Allegations of Federal Bureau of Prisons staff members committing sexual abuse and misconduct with inmates have more than doubled in the last seven years, a new government report says.
Inmates serving time in federal prisons reported 231 instances of sex abuse or misconduct by staffers last year, and 1,585 instances since 2001, according to the Justice Department study.
The authors of the study say better reporting methods may have accounted for the increase, but also recommend that the Bureau of Prisons update its staff training and that the U.S. Marshals Service institutes a sexual abuse prevention program.
The report stems from the Prison Rape Elimination Act, which was passed by Congress in 2003.
There are 207,000 people serving time in federal prisons in the United States.
At Gainesville’s U.S. District Court, defendants are routinely sentenced to serve time in federal custody and may be assigned by the Bureau of Prisons to a facility outside Georgia.
Of the country’s 93 federally operated prisons, Atlanta’s medium-security U.S. Penitentiary was ninth with 35 allegations of sexual abuse since 2001, including three last year. The Federal Correctional Institute in Jesup was 37th with 15 complaints from 2001-2008. Georgia’s McRae Correctional Facility holds federal prisoners but was not listed in the report because it is operated by a private company.
The report from the office of the justice department’s inspector general only addressed allegations against prison staff and did not include reports of inmate-on-inmate sex abuse.
Officials with Just Detention International, a Washington, D.C.-based organization dedicated to preventing sexual abuse of prisoners, said the report, and the response from the Bureau of Prisons and U.S. Marshals Service, was important.
"It shows sexual abuse continues to be a major problem in federal facilities," said Darby Hickey, senior communications associate for Justice Detention International.
The Marshals Service, which transports federal prisoners and guards them in cellblocks during and after court appearances, agreed it needed to implement a zero-tolerance policy to prevent abuse of prisoners.
The Bureau of Prisons said in a response it would update its training.
"Both of these agencies recognize that virtually all of the recommendations (in the report) should be followed, which is a change from the past, when there was some resistance," Hickey said.
Hickey said the common assumption that more sexual assaults behind bars are committed by inmates than staff is "not necessarily" true.
An earlier survey by the Department of Justice found that in some facilities, abuse was committed more often by prison staff than inmates, Hickey said.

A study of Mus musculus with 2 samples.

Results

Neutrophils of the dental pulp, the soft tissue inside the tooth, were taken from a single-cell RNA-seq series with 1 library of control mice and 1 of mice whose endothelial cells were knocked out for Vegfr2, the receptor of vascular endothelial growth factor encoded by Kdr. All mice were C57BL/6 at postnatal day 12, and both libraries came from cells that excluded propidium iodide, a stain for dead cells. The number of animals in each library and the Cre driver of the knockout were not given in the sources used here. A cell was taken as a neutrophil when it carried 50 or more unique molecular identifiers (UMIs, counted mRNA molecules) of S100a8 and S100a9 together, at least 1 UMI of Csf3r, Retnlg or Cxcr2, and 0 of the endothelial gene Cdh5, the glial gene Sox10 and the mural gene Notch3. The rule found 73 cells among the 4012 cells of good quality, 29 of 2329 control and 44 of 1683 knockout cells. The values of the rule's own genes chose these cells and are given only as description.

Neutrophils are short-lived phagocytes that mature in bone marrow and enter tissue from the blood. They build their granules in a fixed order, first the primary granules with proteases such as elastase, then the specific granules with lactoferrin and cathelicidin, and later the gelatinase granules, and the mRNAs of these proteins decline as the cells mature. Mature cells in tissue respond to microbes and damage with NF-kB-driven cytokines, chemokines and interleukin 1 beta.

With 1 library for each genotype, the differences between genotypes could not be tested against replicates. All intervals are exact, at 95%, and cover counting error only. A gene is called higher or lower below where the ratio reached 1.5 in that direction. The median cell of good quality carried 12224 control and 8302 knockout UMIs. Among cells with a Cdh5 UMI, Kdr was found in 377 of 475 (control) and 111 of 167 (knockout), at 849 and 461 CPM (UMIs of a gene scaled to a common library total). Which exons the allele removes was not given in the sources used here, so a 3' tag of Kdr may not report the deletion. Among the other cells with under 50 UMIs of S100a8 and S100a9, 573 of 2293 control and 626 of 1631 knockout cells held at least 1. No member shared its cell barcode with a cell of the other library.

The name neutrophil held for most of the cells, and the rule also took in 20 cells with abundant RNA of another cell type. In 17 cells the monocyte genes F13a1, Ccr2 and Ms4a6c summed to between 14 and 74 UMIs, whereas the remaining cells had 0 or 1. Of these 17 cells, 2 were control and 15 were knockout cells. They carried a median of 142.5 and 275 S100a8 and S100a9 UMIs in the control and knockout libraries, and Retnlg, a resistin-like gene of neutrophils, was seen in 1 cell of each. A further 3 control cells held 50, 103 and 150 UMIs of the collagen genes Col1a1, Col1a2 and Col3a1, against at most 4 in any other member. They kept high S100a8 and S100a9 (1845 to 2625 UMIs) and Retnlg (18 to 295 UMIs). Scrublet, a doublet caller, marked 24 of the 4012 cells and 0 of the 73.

"They found they were both happening at about the same frequencies," Hickey said.
In a 2007 study by the U.S. Bureau of Justice Statistics, 4.5 percent of the nation’s 1.3 million federal and state inmates reported being sexually abused.
Kevin Tamez, a managing partner with the MPM Group, a firm that consults clients preparing to enter federal prison, said for the most part, sexual abuse seems confined to high-security federal facilities.
In low- and medium-security prison environments, "it would be extremely rare," he said.
Tamez believes even high-security federal prisons don’t have as much sexual abuse of inmates as state facilities.
"The Bureau of Prisons runs a pretty tight ship," Tamez said. "For an organization that has over 200,000 inmates, they have a pretty professional organization. There’s a better correctional officer to inmate ratio, and frankly they don’t tolerate (abuse)."
Tamez believes the U.S. Marshals Service operates in a different environment from the Bureau of Prisons that would make staff abuse of inmates "pretty tough to pull off."
As transporters of inmates, marshals travel in pairs and sometimes four at a time, Tamez noted.
"These guys are good, and they take pride in taking the baddest inmates from point A to point B, but they don’t do it in an environment conducive to committing sexual abuse," Tamez said.
Hickey, the prison advocate, said the next big step is for agencies to implement new standards developed by the National Prison Rape Elimination Commission.
"I think this is definitely an important improvement from the past, when (the Bureau of Prisons) would just deny this is an issue," Hickey said of the report and responses to it. "What we would really like to see is the Bureau of Prisons do the next logical thing, which is the enactment of the standards."